Fuel and household energy spending rises by a fifth in a fortnight



Customers of Bank of Scotland owner Lloyds Bank spent a fifth more on household energy (24%) and fuel (20%) in the last fortnight, according to the latest analysis of the bank’s debit card spend.

Across the UK, people spent a fifth (20%) more at petrol stations in the past two weeks, compared to the two weeks before.

In fact, fuel spend peaked on 24th September (the day after one of the biggest UK petrol station operators said a number of its forecourts were shut) where the highest amount spent on fuel in a single day was seen since Lloyds Bank records began, and 125% more than the same day in 2019.

Scotland and Wales saw the lowest increases at 15% and 14% respectively, followed by London and the South West on 19%.

The East Midlands saw the biggest increase in fuel spend in the last two weeks compared to the two before, up 24%, followed by the West Midlands (23%) and the South East (22%). This was followed by Yorkshire and Humber and the East Midlands (both 20%). 

However, there are signs that demand for fuel is easing. Week on week spending across the UK has fallen by almost a third (31%), with the number of transactions down 20%.

This is particularly true in the North of England, with spending on fuel in the North West plummeting 40% in a week, and 39% in the North East. Only three regions, all in the South and East, saw drops of less than 30%. Londoners spending on fuel fell just 20%, the lowest of any region, followed by the South East (21%) and East of England (25%).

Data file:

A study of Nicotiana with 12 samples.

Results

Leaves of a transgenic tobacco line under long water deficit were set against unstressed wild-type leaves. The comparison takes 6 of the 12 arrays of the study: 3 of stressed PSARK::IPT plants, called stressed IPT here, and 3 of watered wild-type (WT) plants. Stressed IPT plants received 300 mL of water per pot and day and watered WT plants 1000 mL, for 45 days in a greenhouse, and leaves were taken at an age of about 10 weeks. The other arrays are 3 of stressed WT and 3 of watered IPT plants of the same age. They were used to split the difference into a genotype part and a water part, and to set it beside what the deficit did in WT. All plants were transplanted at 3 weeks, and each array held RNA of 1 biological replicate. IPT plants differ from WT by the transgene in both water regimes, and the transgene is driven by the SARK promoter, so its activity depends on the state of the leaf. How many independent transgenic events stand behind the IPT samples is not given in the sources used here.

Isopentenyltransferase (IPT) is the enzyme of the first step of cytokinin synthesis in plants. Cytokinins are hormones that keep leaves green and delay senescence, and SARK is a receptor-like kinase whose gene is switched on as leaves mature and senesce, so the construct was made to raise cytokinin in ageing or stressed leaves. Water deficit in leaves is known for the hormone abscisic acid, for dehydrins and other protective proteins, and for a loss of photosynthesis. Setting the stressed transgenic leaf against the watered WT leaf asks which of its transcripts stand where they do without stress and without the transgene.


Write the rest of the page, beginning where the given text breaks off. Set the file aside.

The amount spent on cards on household energy in the past two weeks increased 24%, as a combination of colder weather and soaring energy prices gripped the UK. Spending on energy is now 14% higher than the same two weeks in 2020.

Despite potential pressure on family finances from fuel costs and energy prices, spending on high streets over the past two weeks has increased significantly when compared to the two weeks before, perhaps indicating shoppers are getting an early start on Christmas gifts.

Spending on clothes surged 22%, while department stores took in 14% more, and electrical stores were 5% up.

Further, with suggestions some supply chains were under pressure, spend in supermarkets crept up 6%.

Philip Robinson, PCA, payments and fraud and financial crime director at Lloyds Bank, said: “After an initial incredible spike in late September where spending on fuel was the highest we’ve ever seen it, over the past week, card payments at petrol stations have fallen, particularly in Northern and Western parts of the UK.

“However, household energy spend continues to increase, 13% in the last week alone, driven by rising prices and colder months. With this in mind, now is a very good time to sit down and reflect on your personal finances ahead of Christmas 2021. Budget effectively, and give yourself a clear idea of what you can afford this festive season.”

Commuter spending has jumped 12% in the past fortnight. Wales has seen the biggest increase, up 9%, followed by people in the North West (7%). Commuters in the East of England (3%), Scotland and the South West (both 4%) have seen the smallest increase.

With changes to travel rules recently announced, bookings at holiday agencies have increased 8% in just two weeks, and airline spend has jumped 6%.

Bookings with cruise liners has also seen an increase of 3% over the same period.